To send content items to your account,
please confirm that you agree to abide by our usage policies.
If this is the first time you use this feature, you will be asked to authorise Cambridge Core to connect with your account.
Find out more about sending content to .
To send content items to your Kindle, first ensure firstname.lastname@example.org
is added to your Approved Personal Document E-mail List under your Personal Document Settings
on the Manage Your Content and Devices page of your Amazon account. Then enter the ‘name’ part
of your Kindle email address below.
Find out more about sending to your Kindle.
Note you can select to send to either the @free.kindle.com or @kindle.com variations.
‘@free.kindle.com’ emails are free but can only be sent to your device when it is connected to wi-fi.
‘@kindle.com’ emails can be delivered even when you are not connected to wi-fi, but note that service fees apply.
This retrospective study aimed to evaluate the effective closure rate for spontaneous cerebrospinal fluid leaks with functional endoscopic sinus surgery and identify patient characteristics that may be associated with a need for additional therapy.
A retrospective analysis of patients with spontaneous cerebrospinal fluid leaks was performed. Data on the nature of presentation, patient body mass index, defect location and size, intracranial pressure, clinical follow up, and complications were collected.
Twenty-five patients had spontaneous cerebrospinal fluid leaks with evidence of idiopathic intracranial hypertension. The most common sites were the cribriform plate, followed by the ethmoid roof and sphenoid lateral pterygoid recess. All patients underwent endonasal endoscopic surgery to repair the defect. Post-operatively, all patients underwent lumbar drainage and acetazolamide therapy.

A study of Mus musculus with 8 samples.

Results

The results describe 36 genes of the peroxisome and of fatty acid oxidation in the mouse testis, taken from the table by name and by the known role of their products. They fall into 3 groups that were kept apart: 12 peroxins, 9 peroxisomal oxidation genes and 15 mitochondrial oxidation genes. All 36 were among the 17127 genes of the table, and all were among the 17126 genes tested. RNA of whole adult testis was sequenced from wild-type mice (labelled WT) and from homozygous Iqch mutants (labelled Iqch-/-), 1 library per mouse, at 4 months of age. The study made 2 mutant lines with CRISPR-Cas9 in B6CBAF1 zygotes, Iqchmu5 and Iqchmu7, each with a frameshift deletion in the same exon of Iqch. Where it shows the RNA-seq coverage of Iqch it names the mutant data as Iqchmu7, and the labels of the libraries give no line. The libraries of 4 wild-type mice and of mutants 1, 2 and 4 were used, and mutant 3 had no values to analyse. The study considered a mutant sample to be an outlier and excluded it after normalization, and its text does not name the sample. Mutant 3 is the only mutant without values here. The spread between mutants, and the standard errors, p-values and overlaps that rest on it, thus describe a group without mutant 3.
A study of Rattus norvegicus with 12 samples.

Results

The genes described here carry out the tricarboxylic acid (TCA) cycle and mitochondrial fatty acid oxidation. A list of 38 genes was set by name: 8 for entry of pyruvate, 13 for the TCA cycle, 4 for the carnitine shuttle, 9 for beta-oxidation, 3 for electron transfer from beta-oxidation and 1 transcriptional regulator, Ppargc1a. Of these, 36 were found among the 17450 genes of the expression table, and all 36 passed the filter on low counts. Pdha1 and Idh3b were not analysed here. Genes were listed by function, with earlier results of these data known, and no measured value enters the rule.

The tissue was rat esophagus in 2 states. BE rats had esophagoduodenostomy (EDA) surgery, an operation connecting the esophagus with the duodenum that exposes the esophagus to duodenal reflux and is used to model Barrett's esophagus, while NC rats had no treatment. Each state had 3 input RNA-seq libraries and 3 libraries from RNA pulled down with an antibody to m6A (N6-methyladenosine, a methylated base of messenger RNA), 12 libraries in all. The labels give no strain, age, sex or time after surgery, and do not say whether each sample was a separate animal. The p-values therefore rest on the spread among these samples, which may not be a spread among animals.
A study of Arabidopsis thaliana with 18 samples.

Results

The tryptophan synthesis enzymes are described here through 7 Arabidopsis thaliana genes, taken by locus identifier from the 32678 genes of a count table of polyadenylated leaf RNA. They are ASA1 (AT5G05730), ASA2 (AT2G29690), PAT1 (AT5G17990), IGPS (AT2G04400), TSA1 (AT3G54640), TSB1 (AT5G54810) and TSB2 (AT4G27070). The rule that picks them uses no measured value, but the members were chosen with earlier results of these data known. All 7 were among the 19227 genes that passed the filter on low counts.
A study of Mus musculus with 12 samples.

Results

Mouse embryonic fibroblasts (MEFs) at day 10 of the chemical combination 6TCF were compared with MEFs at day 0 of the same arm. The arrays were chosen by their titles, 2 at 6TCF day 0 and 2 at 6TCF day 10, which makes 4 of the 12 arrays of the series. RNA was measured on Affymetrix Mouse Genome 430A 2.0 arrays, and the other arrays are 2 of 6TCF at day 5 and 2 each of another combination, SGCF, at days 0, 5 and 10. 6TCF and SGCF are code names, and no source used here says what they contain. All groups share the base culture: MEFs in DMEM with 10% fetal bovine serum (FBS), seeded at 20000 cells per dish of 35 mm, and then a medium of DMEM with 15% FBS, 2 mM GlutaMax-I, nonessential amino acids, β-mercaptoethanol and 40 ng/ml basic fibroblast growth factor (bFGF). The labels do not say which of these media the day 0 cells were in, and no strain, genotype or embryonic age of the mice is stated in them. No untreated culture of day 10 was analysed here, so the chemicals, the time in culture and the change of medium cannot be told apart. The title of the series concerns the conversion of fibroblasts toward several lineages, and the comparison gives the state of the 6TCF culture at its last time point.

Spontaneous cerebrospinal fluid leaks represent a surgical challenge because of their high recurrence rates. The most important factor for obtaining a successful repair in these patients is reducing their intracranial pressure through nutritional, medical or surgical means.
To evaluate the efficacy of the Santiago treatment protocol for benign paroxysmal positional vertigo of the posterior semicircular canal, to analyse recurrence and to establish prognostic factors.
Material and methods:
Four hundred and twelve patients with unilateral benign paroxysmal positional vertigo of the posterior semicircular canal were treated with the Semont manoeuvre and, if symptoms did not resolve, successive application of three Epley manoeuvres plus Brandt–Daroff exercises.
Symptoms resolved in 404 patients (98.1 per cent); a single Semont manoeuvre was sufficient in 334 (81.2 per cent). Aetiology had no impact on resolution of symptoms or number of manoeuvres required. The estimated likelihood of recurrence was 14 per cent in the first year and 27 per cent after 10 years. The only factor indicating a worse prognosis was recurrence.
In unilateral benign paroxysmal positional vertigo of the posterior semicircular canal, the above treatment protocol cured 98 per cent of patients. More than half of recurrences occurred in the first year. None of the analysed factors increased the likelihood of recurrence.
Email your librarian or administrator to recommend adding this to your organisation's collection.